After reporting 27 confirmed leprosy, or Hansen’s disease cases in 2015, significantly higher than the average of 10 cases seen most years, the start of 2016 appears to be a continuation of last year as Florida health officials report seeing five confirmed cases during the first five weeks of the year.
From the beginning of the year through today, confirmed cases have been reported from Martin County (Stuart), Bay County (Panama City) and three in Brevard County (Merritt Island (2) and Titusville (1)).
The Florida Department of Health case definition for a confirmed case of leprosy is a clinically compatible illness in a person with confirmatory laboratory evidence.
During the ten-year-period of 2004 to 2014, Florida reported 92 cases, averaging less than 10 per year.
Newly published research in the journal, Emerging Infectious Diseases shows that the nine-banded armadillos (Dasypus novemcinctus), animals that naturally carry the leprosy bacterium, Mycobacterium leprae and have been linked to zoonotic infections, have spread their geography to affect more areas of the southeastern United States.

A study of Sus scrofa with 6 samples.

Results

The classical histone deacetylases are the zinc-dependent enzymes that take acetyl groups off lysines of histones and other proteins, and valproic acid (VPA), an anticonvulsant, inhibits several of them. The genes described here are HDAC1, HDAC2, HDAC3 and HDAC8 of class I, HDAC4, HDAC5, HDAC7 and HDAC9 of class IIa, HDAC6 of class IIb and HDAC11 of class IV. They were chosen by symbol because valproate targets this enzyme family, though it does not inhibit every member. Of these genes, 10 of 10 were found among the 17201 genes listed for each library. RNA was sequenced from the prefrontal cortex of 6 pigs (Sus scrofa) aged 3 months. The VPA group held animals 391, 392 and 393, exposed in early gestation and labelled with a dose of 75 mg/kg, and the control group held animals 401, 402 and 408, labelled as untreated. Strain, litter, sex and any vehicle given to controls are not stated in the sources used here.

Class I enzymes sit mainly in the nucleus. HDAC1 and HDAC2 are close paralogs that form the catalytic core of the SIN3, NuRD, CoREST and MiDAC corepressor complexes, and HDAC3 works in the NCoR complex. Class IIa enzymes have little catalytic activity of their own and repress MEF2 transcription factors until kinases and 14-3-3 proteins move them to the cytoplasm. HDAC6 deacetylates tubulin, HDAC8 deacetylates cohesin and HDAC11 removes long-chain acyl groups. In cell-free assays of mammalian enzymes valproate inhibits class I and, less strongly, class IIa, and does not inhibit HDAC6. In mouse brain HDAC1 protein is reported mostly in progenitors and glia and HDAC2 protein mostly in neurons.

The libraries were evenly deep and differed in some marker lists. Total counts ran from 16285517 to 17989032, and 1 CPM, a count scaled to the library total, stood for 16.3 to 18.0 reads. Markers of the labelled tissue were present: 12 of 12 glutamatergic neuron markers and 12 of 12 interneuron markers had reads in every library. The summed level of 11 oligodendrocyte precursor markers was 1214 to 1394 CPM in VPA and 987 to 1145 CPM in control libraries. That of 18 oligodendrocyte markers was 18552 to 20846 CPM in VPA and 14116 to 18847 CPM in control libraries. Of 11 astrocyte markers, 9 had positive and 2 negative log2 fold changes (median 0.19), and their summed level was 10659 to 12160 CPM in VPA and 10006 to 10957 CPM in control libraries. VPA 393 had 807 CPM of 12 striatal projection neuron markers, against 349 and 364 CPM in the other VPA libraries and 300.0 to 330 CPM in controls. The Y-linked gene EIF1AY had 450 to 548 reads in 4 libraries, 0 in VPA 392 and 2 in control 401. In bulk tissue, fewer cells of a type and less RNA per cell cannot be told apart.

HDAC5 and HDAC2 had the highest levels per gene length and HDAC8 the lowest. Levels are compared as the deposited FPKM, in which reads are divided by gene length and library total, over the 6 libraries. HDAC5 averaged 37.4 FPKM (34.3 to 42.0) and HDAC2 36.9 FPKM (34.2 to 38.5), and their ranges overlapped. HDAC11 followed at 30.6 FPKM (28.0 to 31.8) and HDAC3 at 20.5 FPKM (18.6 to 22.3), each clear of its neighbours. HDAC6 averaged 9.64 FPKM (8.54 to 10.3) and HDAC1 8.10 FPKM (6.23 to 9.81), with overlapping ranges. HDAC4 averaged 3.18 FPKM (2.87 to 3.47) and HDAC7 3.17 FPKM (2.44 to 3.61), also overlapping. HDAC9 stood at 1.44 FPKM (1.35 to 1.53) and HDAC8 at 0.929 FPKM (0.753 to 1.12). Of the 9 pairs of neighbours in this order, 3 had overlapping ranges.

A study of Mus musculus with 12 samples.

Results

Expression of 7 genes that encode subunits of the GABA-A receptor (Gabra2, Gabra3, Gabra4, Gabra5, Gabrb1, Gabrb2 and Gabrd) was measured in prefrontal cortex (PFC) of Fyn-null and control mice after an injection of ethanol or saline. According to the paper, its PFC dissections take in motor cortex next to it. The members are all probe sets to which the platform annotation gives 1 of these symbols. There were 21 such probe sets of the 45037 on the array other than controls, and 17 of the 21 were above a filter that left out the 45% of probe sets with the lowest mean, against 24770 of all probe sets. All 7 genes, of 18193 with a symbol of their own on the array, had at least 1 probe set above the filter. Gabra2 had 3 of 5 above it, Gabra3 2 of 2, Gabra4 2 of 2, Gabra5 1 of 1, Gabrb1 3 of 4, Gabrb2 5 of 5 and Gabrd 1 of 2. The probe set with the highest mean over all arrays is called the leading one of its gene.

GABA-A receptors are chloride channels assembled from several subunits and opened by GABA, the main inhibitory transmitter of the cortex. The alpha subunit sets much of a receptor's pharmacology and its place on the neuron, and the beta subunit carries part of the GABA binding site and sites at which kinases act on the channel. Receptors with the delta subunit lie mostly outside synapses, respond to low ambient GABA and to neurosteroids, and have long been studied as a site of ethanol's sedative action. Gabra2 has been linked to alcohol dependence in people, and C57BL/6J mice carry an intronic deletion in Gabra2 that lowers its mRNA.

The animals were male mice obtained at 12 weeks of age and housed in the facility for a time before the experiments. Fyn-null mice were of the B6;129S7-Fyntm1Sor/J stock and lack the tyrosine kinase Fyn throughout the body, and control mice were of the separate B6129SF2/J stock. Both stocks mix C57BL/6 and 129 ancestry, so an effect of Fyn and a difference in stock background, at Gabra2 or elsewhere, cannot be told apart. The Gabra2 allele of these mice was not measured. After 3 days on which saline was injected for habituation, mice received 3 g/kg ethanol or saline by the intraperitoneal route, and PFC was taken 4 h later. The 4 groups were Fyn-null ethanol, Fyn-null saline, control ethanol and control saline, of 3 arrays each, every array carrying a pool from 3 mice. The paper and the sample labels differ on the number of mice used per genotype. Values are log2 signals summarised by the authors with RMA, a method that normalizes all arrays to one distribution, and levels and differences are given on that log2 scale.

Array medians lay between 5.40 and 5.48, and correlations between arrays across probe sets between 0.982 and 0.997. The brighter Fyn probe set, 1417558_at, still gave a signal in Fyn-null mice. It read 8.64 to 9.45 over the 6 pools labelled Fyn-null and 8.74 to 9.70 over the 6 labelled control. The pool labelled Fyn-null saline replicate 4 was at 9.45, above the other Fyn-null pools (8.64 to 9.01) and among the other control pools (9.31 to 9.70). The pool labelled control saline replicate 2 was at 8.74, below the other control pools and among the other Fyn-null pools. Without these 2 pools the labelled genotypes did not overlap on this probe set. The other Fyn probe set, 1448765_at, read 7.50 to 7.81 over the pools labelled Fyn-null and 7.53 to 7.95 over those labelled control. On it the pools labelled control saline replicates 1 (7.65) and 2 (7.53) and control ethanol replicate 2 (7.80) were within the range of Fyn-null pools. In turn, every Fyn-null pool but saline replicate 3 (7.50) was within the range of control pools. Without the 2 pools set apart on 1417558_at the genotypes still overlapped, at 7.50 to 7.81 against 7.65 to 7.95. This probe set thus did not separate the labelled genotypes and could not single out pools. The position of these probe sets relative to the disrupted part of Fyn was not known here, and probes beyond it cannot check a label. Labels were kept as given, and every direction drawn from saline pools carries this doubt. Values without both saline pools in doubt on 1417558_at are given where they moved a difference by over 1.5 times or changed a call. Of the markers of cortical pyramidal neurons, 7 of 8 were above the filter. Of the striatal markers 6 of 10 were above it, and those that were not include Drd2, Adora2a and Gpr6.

According to the National Hansen’s Disease Program, 294 new cases were reported in the U.S. in 2010 (the most recent year for which data are available).
Leprosy is a chronic bacterial disease that primarily affects the skin, peripheral nerves and upper airway. Feared as a highly contagious and devastating disease, it is well established that Hansen’s disease (leprosy) is not highly transmissible, is very treatable, and, with earlydiagnosis and treatment, is not disabling.
Leprosy remains the most misunderstood human infectious disease. The stigma long associated with the disease still exists in most of the world and the psychological and social effects may be more difficult to deal with than the actual physical illness.